Community banks vs. big banks
Across the nation's banking landscape, the big are getting bigger and are offering more bank tools than ever.
These big banks have pioneered innovative banking features, including peer-to-peer banking and even ATMs with instructions in seven languages. New brokerage firms also let big banks offer wide-ranging financial services. Conversely, dwindling community banks have been hamstrung by sometimes shallow coffers, though the smaller banks still offer more consumer-friendly services and fewer fees.
The big banks are growing and are taking a larger share of the market, says James Kaplan, an attorney in Quarles & Brady's Chicago office. The combined assets of the 10 biggest banks are now a staggering $9.72 trillion, according to Bankrate estimates. These big guys have taken market share away from smaller banks.
"Community banks are mostly coming out of the woods," says Richard Suttmeier, chief market strategist at ValuEngine.com. "They do still have some problem real estate loans, though, that go back to the financial crisis."
Given this changing banking landscape, it pays to weigh pros and cons of big banks versus community banks.
- Plenty of ATMs and branches. The big megabanks like JPMorgan Chase & Co. and Wells Fargo have tens of thousands of ATMs and thousands of branches, so they're highly convenient. For example, Citibank, the nation's third largest bank, has more than 1,000 branches in the U.S. and 30,000 ATMs, including 6,000 in 7-Eleven convenience stores.
Globally, Citibank has ATMs in more than 40 countries. Bank of America, through its Global ATM Alliance, lets you use fee-free ATMs throughout Europe, the Caribbean and other countries. Such global reach makes big banks good options for travelers and business people who want global ATM access, says Mark Fellhauer, a St. Louis-based consultant with Arch City Capital.
- A deep menu of financial services. Following the financial crisis, many banks such as Bank of America and Wells Fargo also began to own brokerage services with loads of investor features. That's good news for high-net-worth individuals who also can access trust officers and estate planners along with brokers to buy and sell stocks and bonds.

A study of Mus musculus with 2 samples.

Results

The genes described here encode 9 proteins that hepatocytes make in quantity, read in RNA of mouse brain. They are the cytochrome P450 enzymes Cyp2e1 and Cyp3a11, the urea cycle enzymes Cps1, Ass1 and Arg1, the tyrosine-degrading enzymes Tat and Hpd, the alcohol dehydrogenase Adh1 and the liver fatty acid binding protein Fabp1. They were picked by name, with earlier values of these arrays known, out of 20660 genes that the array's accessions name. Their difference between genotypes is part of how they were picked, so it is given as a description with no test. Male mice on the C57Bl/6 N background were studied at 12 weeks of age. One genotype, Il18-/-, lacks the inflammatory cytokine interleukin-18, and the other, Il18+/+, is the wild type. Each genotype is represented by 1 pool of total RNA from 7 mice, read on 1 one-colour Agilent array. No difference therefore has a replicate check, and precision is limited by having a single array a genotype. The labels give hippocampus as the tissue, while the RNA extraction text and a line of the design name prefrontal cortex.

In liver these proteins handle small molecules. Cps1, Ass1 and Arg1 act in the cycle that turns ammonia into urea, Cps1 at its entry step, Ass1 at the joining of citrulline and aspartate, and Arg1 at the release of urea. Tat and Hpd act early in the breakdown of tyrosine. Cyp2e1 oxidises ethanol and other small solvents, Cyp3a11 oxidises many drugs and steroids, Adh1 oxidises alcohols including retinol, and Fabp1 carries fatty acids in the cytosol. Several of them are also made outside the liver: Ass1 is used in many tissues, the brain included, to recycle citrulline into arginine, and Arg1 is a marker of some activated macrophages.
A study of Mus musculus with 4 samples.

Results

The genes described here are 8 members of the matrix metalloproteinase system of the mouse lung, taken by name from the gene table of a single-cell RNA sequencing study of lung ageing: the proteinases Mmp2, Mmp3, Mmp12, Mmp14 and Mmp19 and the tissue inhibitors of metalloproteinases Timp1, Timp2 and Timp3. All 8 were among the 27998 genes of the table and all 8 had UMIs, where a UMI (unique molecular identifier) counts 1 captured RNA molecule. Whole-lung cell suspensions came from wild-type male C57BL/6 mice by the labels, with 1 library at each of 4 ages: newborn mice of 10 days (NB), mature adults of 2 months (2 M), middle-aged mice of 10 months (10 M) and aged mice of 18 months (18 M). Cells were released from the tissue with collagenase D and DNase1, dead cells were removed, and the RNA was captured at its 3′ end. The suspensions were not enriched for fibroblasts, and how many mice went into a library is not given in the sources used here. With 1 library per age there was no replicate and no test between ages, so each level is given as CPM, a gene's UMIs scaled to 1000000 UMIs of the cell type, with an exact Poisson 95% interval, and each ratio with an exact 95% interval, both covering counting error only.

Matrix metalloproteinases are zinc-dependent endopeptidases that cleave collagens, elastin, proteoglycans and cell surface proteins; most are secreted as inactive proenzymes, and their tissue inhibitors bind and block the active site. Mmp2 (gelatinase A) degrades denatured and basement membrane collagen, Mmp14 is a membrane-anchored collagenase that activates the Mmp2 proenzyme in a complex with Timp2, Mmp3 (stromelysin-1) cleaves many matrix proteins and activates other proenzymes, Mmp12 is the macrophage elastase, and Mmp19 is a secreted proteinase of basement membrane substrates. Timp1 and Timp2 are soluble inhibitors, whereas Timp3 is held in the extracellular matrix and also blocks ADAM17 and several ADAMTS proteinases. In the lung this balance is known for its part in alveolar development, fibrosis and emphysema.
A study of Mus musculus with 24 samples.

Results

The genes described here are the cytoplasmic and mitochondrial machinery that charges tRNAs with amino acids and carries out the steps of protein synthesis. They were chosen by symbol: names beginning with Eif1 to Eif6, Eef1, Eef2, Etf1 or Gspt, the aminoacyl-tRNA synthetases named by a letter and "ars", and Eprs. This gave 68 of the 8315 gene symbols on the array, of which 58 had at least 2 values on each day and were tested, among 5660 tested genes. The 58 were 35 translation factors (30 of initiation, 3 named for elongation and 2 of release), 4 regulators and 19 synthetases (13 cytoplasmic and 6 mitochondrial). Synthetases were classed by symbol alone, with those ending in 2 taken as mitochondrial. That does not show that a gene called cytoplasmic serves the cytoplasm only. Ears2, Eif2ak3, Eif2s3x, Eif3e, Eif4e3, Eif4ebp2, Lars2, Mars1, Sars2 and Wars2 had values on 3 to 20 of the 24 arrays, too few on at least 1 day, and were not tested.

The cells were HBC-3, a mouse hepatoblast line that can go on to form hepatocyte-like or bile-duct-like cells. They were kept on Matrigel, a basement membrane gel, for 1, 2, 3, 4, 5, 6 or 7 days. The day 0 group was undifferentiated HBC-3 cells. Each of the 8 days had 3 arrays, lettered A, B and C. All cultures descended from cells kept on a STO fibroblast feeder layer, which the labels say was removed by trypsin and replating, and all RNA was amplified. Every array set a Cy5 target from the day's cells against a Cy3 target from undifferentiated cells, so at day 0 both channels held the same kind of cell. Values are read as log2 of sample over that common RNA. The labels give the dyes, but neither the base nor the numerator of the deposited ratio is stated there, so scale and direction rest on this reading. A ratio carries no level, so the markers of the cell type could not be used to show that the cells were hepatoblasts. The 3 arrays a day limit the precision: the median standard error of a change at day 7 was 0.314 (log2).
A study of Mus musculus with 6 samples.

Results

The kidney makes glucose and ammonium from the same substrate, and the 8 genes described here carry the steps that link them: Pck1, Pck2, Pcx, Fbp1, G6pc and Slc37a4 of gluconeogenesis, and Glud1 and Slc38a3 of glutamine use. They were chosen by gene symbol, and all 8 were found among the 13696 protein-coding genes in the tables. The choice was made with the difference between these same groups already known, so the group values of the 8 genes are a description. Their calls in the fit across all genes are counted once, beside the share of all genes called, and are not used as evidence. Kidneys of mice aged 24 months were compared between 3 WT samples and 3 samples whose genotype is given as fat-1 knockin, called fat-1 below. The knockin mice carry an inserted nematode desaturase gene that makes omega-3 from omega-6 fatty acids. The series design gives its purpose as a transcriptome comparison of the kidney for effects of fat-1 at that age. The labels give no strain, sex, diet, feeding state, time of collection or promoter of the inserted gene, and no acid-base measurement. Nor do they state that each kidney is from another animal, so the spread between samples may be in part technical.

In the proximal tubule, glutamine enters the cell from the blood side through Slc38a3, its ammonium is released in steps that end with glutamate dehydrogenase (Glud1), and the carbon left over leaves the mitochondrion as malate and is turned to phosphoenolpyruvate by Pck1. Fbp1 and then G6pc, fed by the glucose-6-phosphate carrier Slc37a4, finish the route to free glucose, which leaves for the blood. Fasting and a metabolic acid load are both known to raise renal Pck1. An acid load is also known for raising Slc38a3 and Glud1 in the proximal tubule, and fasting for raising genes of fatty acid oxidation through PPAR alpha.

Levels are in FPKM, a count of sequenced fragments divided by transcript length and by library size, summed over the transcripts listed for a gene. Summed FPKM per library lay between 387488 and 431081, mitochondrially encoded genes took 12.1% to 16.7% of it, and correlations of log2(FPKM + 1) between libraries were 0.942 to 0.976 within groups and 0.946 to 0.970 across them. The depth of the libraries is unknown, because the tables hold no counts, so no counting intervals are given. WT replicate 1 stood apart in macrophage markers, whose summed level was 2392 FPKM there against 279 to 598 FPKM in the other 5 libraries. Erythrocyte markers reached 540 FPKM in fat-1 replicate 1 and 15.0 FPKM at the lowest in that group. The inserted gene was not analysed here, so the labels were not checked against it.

"Big banks are good for affluent people who want all their assets in one place," Fellhauer says. Also, accounts can be bundled together at one firm and viewed on one account webpage.
- Cutting-edge tech tools. Big banks pioneered remote check deposit, online banking, 24/7 mobile banking and advanced ATM features like talking ATMs. With those, you can plug a headset into an ATM and hear banking instructions.
Smaller banks don't have the resources to offer this innovative technology, which may frustrate early adopters, Fellhauer says.
These high-tech tools, along with large ATM networks, are stopping consumers from switching their accounts in large numbers, according to a report by Javelin Strategy & Research, a banking research firm. The reason is that the big banks are very convenient to use, the Javelin report says.
- Higher fees than smaller banks. Big banks typically charge higher fees for their services. For example, free checking is only available at one-quarter of big banks, according to a 2012 survey by the nonprofit U.S. PIRG.
For example, Chase now charges a $12 monthly service fee for its standard checking accounts; it was previously fee-free.
- Harder to navigate. Big banks have many reporting levels and higher staff turnover, Arch City Capital's Fellhauer says. These conditions can make it harder to get fees waived or good loan rates negotiated.
- Trademark personal service. Community banks may know your whole family, since they're more relationship-based, Fellhauer says. Also, branches are smaller and more intimate. When you visit a community bank, you're apt to get a toaster for opening an account, grab some popcorn or get a cup of coffee. This personalized service helps small banks chalk up high personal satisfaction scores, according to the American Consumer Satisfaction Index on banking in the third quarter of 2013.
- More fee-free checking. Community banks also offer lower fees than big banks. Some 63 percent of small banks offer free checking, according to a survey by U.S. PIRG released in November 2012. They also have lower overdraft fees and balance requirements for avoiding checking fees. Some small banks are even reimbursing several, if not all, surcharges at out-of-network ATMs, U.S. PIRG says.
- More lending flexibility. Community banks can offer more commercial loans than big banks, Fellhauer says. And rates on car loans may be cheaper, too. As of 2011, they held 14 percent of banking industry assets, but held 46 percent of the industry's small loans to farms and businesses, according to the FDIC report issued in December 2012.
- Small banks still struggling. Despite their strengthening balance sheets, some community banks are still working to stay afloat. There were 612 problem community banks in the first quarter of 2013, according to ValuEngine. Complying with new banking regulations, such as the Dodd-Frank financial reform law, could weaken community banks further since their profit margins are razor thin, Quarles & Brady's Kaplan says.
ValuEngine's Suttmeier says the upshot is that consumers should make sure their community bank is insured and that they don't exceed the $250,000 FDIC insurance limit on bank accounts.
- Hyper-local focus. "Community banks mainly stick to bread-and-butter banking," Fellhauer says. "They don't offer a lot of services that big banks do." People who want more sophisticated tools and services should look elsewhere.